In a personal injury or medical malpractice case, it’s crucial that trial judges only admit relevant evidence from credible witnesses. It’s especially important that witnesses testify as to their personal knowledge of events rather than relate information they heard from other people. This is known as “hearsay,” and while it’s permissible in certain special circumstances, as a general rule it’s not admissible as evidence in Georgia courts.
The improper admission of hearsay testimony recently prompted the Georgia Court of Appeals to grant a woman a new trial in her medical malpractice case against the Atlanta-based Emory Clinic. Her complaint arose from a 2002 surgery performed at the clinic to remove a benign brain tumor. The neurosurgeon allegedly failed to remove all of the cotton fibers from the surgical sponges used during the surgery, This caused inflammation, which was subsequently discovered when the woman sought treatment at a different facility.
The woman sued Emory Clinic. A jury later returned a verdict in favor of the defense. The woman asked the Court of Appeals to set aside the jury verdict on two grounds: First, the trial judge improperly admitted hearsay testimony; and second, the judge failed to dismiss a juror whose niece had ties to several witnesses in the case. The Court of Appeals never addressed the juror issue because it agreed with the woman that there was improper admission of hearsay evidence, which in and of itself justified a new trial.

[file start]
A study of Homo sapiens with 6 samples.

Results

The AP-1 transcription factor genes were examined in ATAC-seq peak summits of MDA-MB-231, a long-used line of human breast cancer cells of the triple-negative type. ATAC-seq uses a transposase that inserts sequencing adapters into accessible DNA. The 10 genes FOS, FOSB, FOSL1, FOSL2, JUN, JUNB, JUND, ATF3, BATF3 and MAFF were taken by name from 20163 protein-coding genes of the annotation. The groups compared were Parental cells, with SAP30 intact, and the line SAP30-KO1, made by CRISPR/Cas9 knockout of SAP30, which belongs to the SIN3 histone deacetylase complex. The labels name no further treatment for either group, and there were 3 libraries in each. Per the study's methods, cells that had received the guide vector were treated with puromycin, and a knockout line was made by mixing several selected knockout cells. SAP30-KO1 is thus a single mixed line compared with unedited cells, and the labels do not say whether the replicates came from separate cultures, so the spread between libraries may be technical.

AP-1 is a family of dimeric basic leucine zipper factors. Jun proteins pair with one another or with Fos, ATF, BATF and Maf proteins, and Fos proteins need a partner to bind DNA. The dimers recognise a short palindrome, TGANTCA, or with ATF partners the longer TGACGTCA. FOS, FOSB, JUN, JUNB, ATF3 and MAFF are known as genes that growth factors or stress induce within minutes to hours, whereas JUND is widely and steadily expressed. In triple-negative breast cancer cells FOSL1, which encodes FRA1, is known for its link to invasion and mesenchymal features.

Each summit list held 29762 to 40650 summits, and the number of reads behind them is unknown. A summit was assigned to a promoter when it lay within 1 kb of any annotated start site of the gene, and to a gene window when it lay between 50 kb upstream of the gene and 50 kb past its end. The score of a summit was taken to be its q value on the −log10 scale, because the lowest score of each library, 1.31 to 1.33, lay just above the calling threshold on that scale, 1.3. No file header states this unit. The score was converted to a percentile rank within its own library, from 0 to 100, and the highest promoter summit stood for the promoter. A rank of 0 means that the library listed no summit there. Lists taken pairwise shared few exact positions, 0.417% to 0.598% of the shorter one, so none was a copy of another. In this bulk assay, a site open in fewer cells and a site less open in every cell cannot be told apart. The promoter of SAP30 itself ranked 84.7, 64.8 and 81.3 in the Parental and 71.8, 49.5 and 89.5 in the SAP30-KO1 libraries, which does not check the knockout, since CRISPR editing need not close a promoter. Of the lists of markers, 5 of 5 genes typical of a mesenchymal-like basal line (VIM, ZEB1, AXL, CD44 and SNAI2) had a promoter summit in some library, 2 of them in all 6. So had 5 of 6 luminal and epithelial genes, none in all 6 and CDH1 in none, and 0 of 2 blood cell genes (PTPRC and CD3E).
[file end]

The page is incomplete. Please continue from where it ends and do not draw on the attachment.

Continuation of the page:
When Hearsay Is Not Harmless Error
The hearsay testimony in question involved a neurosurgeon at the second facility that treated the woman. This neurosurgeon removed a lesion from the woman’s brain caused by the inflammation arising from the first surgery. He testified during a deposition that one or more pathologists who reviewed the lesion removed from the woman’s brain found no “foreign body material” in the sample.
This went to the heart of the woman’s case against Emory Clinic. However, the pathologists never testified. The neurosurgeon testified as to what the pathologists told him. This is classic hearsay, which at the time of the trial was defined in Georgia as “a statement, other than one made by the declarant while testifying at the trial or hearing, offered in evidence to prove the truth of the matter asserted.”
Judge Christopher J. McFadden, writing for the Court of Appeals panel that reviewed the case, said the admission of the neurosurgeon’s hearsay “was harmful” to the plaintiff. “In a civil jury trial,” Judge McFadden wrote, “the plaintiff need only prove her case by a preponderance of the evidence, and adding the weight of the improper evidence could easily have tipped the scales in the defendant’s favor.” The jury may have improperly concluded from the neurosurgeon’s secondhand account of the pathologists’ report that if no foreign material visible was visible to them, then it would not have been visible to the surgeon accused of malpractice. That may have been enough, Judge McFadden said, to tip the scales in favor of Emory Clinic.
On May 1, 2013, Emory Clinic asked the Georgia Supreme Court to review Judge McFadden’s decision. Should that appeal fail, the case will return to the DeKalb County Superior Court for a new trial.